Scratch beneath the gilded surface of the region’s more contemporary shop offering to reveal a wealth of unique shopping experiences steeped in local custom. Well the UAE’s bevy of super malls and grand shopping complexes rank high on the list for many tourists, and residents alike, there’s far more to this region’s shopping scene than meets the eye. Arabian bazaars have long been the venue of choice for trading and selling traditional wares, championing a rich tradition of retail, industrious enterprise and skilled craftsmanship. Today the many of the emirates continues to honour these charismatic markets of the past with a host of contemporary spaces that beg to be explored.
As the first communities began to settle along Dubai Creek in the 18th century, the old city became a major port where those from neighbouring countries, as well as Asia and the Far East, arrived with their wares by boat. The clamorous scene thronged with potters, weavers, butchers, fruit and vegetable sellers and merchants of precious metal and spices. Now better organised and with a broader range of modern goods, the marketplaces in Deira and Bur Dubai still remain a hive of vibrant activity. With over 300 retailers vying for attention, Dubai’s Gold Souk is a major visitor attraction and the ultimate destination for all that glitters. Jewellers from around the world are represented here and the souk offers countless choices in all shapes, styles and colours. Beyond the Gold Souk, there is so much more to discover in the labyrinthine markets that line the creek. The Spice Souk conjures a particularly evocative scene. Packed into narrow streets, shop fronts are filled with every imaginable herb and spice available and sacks burst with an array of colours. A heady mix of aromas fills the air, enveloping the senses with hints of vanilla, chilli, turmeric, saffron and cloves. Those who know their ingredients will be at home conversing with the friendly vendors and bartering over prices in the piquant surroundings. In addition to spices, visitors will find dates and other dried fruits, as well as incense, tea and shisha. Close by, the adjacent stalls sell all manner of cooking utensils. On the opposite side of the creek and just an abra ride away, Bur Dubai Souk is the city’s oldest and offers a wealth of treasures from colourful lanterns and intricate hand-woven carpets to silk scarves and traditional-style clothing.
Past meets present
For those who appreciate a less frenetic pace, elsewhere in the city, several retailers have embraced the authentic souk experience and added a modern twist. Souk Madinat Jumeirah and Souk Al Bahar have both been designed with a strong Arabic influence in a contemporary setting, offering local handicrafts with jewellery, art, gifts, clothing and interiors brands for an eclectic shopping trip.
Another of the city’s modern bazaars is Souk Khan Murjan at Wafi Mall. Modelled on an ancient underground souk in Baghdad, it brings together architectural influences from Egypt, Syria, Turkey and Morocco. The venue provides a creative community for artists and craftspeople, encouraging skilled individuals to break into the retail world and showcase traditional products. Peruse everything from bespoke calligraphy to oriental rugs and luxe pashminas.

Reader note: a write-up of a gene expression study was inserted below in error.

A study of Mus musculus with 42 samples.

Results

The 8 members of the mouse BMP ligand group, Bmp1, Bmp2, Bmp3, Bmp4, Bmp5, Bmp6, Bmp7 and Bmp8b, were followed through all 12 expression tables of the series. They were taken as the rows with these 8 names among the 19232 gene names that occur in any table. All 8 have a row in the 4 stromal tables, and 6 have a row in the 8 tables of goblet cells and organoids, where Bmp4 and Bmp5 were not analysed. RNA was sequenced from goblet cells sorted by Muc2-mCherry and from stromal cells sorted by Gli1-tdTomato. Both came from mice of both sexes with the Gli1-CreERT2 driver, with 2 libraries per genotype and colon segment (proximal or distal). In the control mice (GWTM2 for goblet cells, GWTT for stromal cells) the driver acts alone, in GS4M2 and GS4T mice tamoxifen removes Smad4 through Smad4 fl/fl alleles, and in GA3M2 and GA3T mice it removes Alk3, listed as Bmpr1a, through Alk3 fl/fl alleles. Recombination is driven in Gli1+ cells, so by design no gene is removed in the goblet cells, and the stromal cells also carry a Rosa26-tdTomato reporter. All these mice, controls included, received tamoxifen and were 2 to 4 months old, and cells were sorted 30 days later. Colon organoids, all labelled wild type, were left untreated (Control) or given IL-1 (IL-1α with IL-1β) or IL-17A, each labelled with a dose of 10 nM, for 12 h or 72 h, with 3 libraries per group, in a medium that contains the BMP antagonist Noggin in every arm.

Over in the capital, Souk Qaryat Al Beri is a must. Part of the Shangri-La Hotel, Qaryat Al Beri, Abu Dhabi complex, the popular souk features a blend of Arabic and Venetian architectural themes and a lovely mix of stores and stalls selling a variety of Arabian perfumes, antiques, clothes, jewellery and furniture. Another one to try is The Souk at World Trade Centre. A fusion of old and new its expansive public squares as well as a central atrium and rooftop gardens are radiate character thanks to the myriad of charming stalls and shisha smoking spots.
With the aim of reviving some of the capital’s more traditional retail offerings and preserving the handicrafts that were once vital to its people’s fortunes, Sougha has changed the lives of many skilled Emiratis across the UAE. Sougha, meaning ‘a traveller’s gift’ in Arabic, is a social enterprise initiative by the Khalifa Fund for Enterprise Development. Starting out as a small initiative in 2009 with just a handful of skilled Emiratis in the Western Region of Abu Dhabi, today there are over 100 artisans involved with this admirable cause. The organisation sells handmade products, including brightly coloured bags, tapestries, bracelets and even phone covers that are made in traditional sadou patterns. This style of weaving, using a floor loom, was originally used by Bedouins. Head to the gorgeous Central Market at The Souk at World Trade Centre to browse a wide selection of Sougha products. A fusion of old and new, the souk’s expansive public squares as well as a central atrium and rooftop gardens radiate character thanks to a myriad of charming stalls and shisha smoking spots making it the perfect place to while away the day.
Over in Al Ain
The Central or Old Souk is a good place to start with its ramshackle cluster of stalls selling exotic spices, colourful throws and intricate jewellery that offer a more rustic take on the souk shopping experience found elsewhere in the capital. Another place decidedly local in character is the Camel Souk, which offers a unique insight into Middle Eastern culture combined with an opportunity to witness camel auctions and see some of the prize animals with their owners. Souk Al Qattara in the city of Al Ain showcases handicrafts from local traders. Selling a variety of products from national clothing and perfume to incense and exotic spices, this weekend market takes place every Thursday, Friday and Saturday from October to May. Visitors can easily spend an entire day here as the souk is also linked to the redeveloped Al Qattara Fort, now home to a popular arts centre that features regular exhibitions and workshops, a library and café.